A strong brand is essential for a successful business. The more recognisable your brand, the greater advantage you hold over your competitors, which eventually leads to better results. But how do you make sure that your brand remains strong, during a digital revolution?

Throughout the years, entrepreneurs have been exposed to a variety of ‘revolutions’; technological changes that have had to be embraced and where only the strong brands survive. According to Klaus Schwab, Executive Chairman of the World Economic Forum, there are four industrial revolutions:

1. The first industrial revolution which occurred when water and steam power were established

2. The arrival of electricity which made mass production possible

3. The electronic and information technology age of automated production

4. And today, the digital transformation, which merges the physical, digital and biological boundaries

Future-proof your brand during the digital transformation

David Solomon, president and co-chief operating officer of Goldman Sachs, discusses how the significant growth of tech giants and the pace of technological change is leading to “significant strategic shifts” as companies re-evaluate their business strategies and how they compete with their competition.

This is exactly what brands must do to ensure they are future-proofed. By carefully monitoring all the changes that the digital revolution brings and adjusting your business strategy to follow that, you’re strengthening your brand, which puts it in better shape to survive the digital revolution.

Magic and logic

A brand can be seen as the most valuable intangible asset of an organisation and it is much more than just a marketing tool. This is why I sometimes do not understand why brands are not organised in a business administration way. From analysis and strategy to operations and evaluation, a business administration approach for the brand throughout the whole organisation is crucial. Research conducted by SWOCC and VIM Group shows a direct correlation between a brand’s organisation and brand manifestation. In other words: organisations who use a business administration approach in relation to the brand, perform better than their competitors.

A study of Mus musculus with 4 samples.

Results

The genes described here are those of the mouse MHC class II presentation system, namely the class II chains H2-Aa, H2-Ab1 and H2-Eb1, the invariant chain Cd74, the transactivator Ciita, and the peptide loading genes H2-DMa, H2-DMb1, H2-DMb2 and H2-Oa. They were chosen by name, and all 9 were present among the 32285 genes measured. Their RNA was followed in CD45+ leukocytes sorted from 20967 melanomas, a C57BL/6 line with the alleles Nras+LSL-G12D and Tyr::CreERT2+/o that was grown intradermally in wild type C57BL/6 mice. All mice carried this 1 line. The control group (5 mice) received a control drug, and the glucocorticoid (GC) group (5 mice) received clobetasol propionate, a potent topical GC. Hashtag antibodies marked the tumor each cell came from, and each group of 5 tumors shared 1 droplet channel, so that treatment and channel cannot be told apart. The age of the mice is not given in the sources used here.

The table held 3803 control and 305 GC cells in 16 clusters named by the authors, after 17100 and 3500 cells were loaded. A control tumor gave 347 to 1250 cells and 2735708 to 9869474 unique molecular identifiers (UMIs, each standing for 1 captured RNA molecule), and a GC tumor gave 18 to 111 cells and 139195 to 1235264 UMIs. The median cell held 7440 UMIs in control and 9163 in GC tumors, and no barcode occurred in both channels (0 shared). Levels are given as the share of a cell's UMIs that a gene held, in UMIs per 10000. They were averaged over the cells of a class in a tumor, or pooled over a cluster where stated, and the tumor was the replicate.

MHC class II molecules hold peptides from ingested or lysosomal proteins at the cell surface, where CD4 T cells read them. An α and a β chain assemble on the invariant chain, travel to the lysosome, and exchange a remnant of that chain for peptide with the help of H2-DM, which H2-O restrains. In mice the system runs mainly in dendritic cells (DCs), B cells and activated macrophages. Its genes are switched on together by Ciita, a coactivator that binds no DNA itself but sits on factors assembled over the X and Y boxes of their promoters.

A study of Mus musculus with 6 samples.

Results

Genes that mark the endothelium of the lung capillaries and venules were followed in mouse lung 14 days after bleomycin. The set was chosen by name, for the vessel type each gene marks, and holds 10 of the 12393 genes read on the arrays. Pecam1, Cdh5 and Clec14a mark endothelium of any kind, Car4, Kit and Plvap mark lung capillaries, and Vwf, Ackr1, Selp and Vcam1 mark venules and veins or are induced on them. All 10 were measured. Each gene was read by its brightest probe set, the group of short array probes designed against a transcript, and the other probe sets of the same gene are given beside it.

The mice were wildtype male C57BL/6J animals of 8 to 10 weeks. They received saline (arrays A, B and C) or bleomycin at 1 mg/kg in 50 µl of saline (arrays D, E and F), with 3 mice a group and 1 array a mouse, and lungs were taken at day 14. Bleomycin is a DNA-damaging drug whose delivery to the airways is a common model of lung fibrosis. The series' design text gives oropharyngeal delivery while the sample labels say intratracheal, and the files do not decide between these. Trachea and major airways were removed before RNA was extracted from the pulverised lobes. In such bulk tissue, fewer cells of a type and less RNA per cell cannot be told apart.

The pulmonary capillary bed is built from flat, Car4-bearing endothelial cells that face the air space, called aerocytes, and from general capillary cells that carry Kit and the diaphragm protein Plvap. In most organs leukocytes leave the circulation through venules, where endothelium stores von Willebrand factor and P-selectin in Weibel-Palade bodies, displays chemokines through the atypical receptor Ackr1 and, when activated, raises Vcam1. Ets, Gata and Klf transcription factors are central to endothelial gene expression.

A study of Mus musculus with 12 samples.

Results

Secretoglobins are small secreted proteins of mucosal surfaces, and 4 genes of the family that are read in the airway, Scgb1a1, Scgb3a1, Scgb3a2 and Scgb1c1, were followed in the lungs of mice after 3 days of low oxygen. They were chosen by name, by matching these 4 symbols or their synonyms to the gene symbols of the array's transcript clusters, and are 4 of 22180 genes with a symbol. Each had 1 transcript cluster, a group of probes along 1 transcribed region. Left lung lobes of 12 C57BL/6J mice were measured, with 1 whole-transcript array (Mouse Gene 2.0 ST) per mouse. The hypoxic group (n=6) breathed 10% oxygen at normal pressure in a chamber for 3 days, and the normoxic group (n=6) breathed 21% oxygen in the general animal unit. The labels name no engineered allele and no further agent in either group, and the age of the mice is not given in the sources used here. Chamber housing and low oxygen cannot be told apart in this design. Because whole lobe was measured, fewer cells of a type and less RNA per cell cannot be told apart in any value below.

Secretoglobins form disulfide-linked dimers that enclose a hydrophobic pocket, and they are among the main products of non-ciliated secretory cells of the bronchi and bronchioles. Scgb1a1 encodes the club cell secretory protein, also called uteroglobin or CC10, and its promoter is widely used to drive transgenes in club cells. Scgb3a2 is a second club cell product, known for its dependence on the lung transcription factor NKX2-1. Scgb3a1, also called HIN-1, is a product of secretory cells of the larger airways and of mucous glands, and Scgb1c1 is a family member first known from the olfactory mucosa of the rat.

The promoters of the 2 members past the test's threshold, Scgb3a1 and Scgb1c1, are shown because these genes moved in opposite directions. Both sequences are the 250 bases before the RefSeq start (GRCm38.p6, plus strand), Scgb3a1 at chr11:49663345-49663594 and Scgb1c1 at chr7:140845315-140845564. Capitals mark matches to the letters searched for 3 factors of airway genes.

Strengthening your brand and brand values goes way beyond creativity, design, colours or logos in this rapidly changing world. Here, it is about profound knowledge and screening your environment, vision, mission, products and the shared beliefs of the whole organisation. Together these factors make your brand strong. Without logic, there is no magic. You have to organise a strong brand.

"Strengthening your brand and brand values goes way beyond creativity, design, colours or logos in this rapidly changing world. Here, it is about profound knowledge and screening your environment, vision, mission, products and the shared beliefs of the whole organisation."

How to navigate an ocean of change

The first and maybe most important step is to go back to the core: your identity (‘purpose’), your brand. Determine the right KPIs for the boardroom as well as the organisation.

Then, proceed with a renewed, agile, brand policy with which you embrace change and use data to your advantage. With a good set-up and integrated data dashboard, you can monitor everything in real-time, adjust when necessary and even use it predictively.

In 2020, 5G will be the standard, which pushes the limits of speed even further. The impact of this can be related to the change from the typewriter (remember those?) to the personal computer. From here on, everything will be faster. Generation Z is set to conquer the workplace. These ‘screenagers’ grew up with smartphones, apps, social media and are constantly online. Important developments, which should be considered when making a brand policy.

When drafting your brand policy, you need to consider every aspect of your brand in an operational, tactical and strategic way. How can your products and services be improved? Can all changes improve the brand supply chain, and with that the quality, productivity and business results of your organisation? Does visual identity seamlessly connect to your organisation’s DNA?

Finally, the most important target group of a renewed brand policy is your employees. They have to embrace the change and adjust to it. This requires a continuous learning programme, based on experimenting, adjusting and learning. After the employees come the clients, prospects, shareholders and other stakeholders. With each target group ask yourself how the digital revolution will change their experience and how you embrace that as a brand.

By taking these steps, your brand will be buoyant in the ocean of change and will have a much bigger chance of surviving the digital revolution.